Convicted Burglars Confirm Value of Alarms, Other Deterrents
AIREF-Funded University Study Provides Remarkable Insight
into Habits and Methods of Intruders
Irving, Texas (May 10, 2013) — Groundbreaking university research funded by the Alarm Industry Research and Educational Foundation (AIREF) provides a fascinating look into the mind of a burglar by examining the behaviors of convicted offenders in three states.
The 64-page survey, “Understanding Decisions to Burglarize from the Offender’s Perspective,” was conducted by Dr. Joseph B. Kuhns of the Department of Criminal Justice and Criminology at the University of North Carolina at Charlotte. It uses feedback from 422 incarcerated male and female burglars selected at random from North Carolina, Kentucky, and Ohio to shed light on their decision-making processes, target-selection strategies, techniques, gender differences, and effectiveness of deterrence factors.
“This study broadens our understanding of burglars, their motivations and their techniques,” Kuhns said. “It also helps us to understand gender differences in offending motivations and techniques. By asking the burglars what motivates and what deters them, we believe this research can help people better understand how to protect themselves against these crimes and help law enforcement more effectively respond.”
In particular, the study highlights the value of alarms, outdoor cameras and other surveillance equipment in preventing burglaries. Approximately 83 percent of the offenders said they would attempt to determine if an alarm was present before attempting a burglary and 60 percent said they would seek an alternative target.
Even during impulsive, unplanned burglaries, more than half of the intruders said they would discontinue the burglary if they discovered an alarm. Another 31 percent said they would consider discontinuing the burglary, while only 13 percent said they would continue regardless.
The study is the latest in a series of research and education efforts funded by AIREF, which is the tax-exempt foundation that serves as the research arm for the electronic security industry with support from the Electronic Security Association (ESA). Through research and education, AIREF provides relevant information for use by public safety officials, consumers and the industry to make communities safer.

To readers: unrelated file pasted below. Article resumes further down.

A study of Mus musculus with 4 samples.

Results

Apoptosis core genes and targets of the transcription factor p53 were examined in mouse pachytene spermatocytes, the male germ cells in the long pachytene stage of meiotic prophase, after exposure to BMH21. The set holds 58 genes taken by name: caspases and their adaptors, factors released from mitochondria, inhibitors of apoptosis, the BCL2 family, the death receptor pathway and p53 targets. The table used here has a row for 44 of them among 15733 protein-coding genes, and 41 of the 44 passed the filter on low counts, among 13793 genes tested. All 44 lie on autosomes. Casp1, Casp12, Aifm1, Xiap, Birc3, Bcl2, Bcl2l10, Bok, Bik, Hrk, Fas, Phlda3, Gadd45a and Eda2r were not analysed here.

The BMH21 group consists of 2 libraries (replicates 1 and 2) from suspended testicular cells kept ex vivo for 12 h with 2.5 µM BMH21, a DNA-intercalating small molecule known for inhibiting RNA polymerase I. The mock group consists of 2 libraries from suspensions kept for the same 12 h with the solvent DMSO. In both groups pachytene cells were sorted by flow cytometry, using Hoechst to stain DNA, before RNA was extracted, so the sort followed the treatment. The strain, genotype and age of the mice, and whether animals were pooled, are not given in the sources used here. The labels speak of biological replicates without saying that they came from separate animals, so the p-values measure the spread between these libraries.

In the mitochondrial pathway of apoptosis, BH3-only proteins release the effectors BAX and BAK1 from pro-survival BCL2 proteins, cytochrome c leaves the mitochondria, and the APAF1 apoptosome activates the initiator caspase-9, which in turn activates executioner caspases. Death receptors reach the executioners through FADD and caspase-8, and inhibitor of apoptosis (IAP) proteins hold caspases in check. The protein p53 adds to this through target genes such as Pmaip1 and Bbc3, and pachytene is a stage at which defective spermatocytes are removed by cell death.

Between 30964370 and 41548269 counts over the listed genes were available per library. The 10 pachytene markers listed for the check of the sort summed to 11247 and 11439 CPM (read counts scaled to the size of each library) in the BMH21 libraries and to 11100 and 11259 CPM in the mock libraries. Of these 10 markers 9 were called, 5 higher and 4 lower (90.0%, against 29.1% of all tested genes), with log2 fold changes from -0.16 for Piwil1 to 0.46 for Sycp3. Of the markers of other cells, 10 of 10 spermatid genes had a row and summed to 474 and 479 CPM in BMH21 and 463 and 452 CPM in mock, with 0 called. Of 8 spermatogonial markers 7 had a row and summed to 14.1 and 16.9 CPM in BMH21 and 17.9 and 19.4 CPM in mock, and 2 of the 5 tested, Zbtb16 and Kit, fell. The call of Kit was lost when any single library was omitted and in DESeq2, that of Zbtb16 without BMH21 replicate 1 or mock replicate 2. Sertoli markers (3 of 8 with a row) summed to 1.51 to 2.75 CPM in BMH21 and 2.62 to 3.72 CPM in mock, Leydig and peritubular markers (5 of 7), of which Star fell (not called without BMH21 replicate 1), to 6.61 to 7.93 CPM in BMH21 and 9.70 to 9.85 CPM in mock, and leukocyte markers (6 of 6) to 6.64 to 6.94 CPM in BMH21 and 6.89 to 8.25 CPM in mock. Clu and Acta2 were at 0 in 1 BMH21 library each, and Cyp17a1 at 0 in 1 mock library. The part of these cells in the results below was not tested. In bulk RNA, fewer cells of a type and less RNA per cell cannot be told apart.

AIREF has a positive impact on our industry by funding and encouraging research that helps public safety officials and consumers, especially when the information is used to influence policy decisions,” said AIREF Chair John Jennings, who also is CEO at Safeguard Security in Scottsdale, Ariz. “Law enforcement officials and electronic security professionals are united in their goal to deter and apprehend burglars nationwide, and this latest research is an exciting step toward achieving that mission.”
Other notable findings for industry professionals include:
- Nearly 60 percent of the burglars said they would consider the presence of cameras or other surveillance equipment when selecting a target, and more than 40 percent said that would be a factor in prompting them to choose another target.
- About half of the respondents reported engaging in residential burglary, while 31 percent said they preferred commercial targets.
- Nearly 90 percent of the respondents indicated their top reason for committing burglaries was related to the need to acquire drugs (51 percent) or money (37 percent), which was often used to support drug habits.
- Slightly less than a third of the offenders reported that they collected information about a potential target prior to initiating a burglary attempt, suggesting that most burglars are impulsive to some degree. About 12 percent indicated that they typically planned the burglary, 41 percent suggested it was most often a “spur of the moment” event/offense, and the other 37 percent reported that it varied.
- Male burglars often plan their burglaries more deliberately and carefully, and were more likely to gather intelligence about a potential target ahead of time. Female burglars appear to be more impulsive overall, engaging in “spur-of-the-moment” burglaries.
The Alarm Industry Research & Educational Foundation (AIREF) is a tax-exempt foundation serving as the research arm of the electronic security industry and is supported by the Electronic Security Association (ESA). Through research and education, AIREF provides relevant information used by public safety officials, consumers and the industry to make communities across the nation safer. More information is available at www.AIREF.org.
Established in 1948, the Electronic Security Association (ESA) is the largest trade association representing the electronic life safety and security industry. Member companies install, integrate and monitor intrusion and fire detection, video surveillance and electronic access control systems for commercial, residential, industrial and governmental clients. In cooperation with an alliance of chapter associations, ESA provides technical and management training, government advocacy and delivers information, advice, tools, and services that members use to grow their businesses and prosper. ESA may be reached at (888) 447-1689 or on the Web at www.ESAweb.org.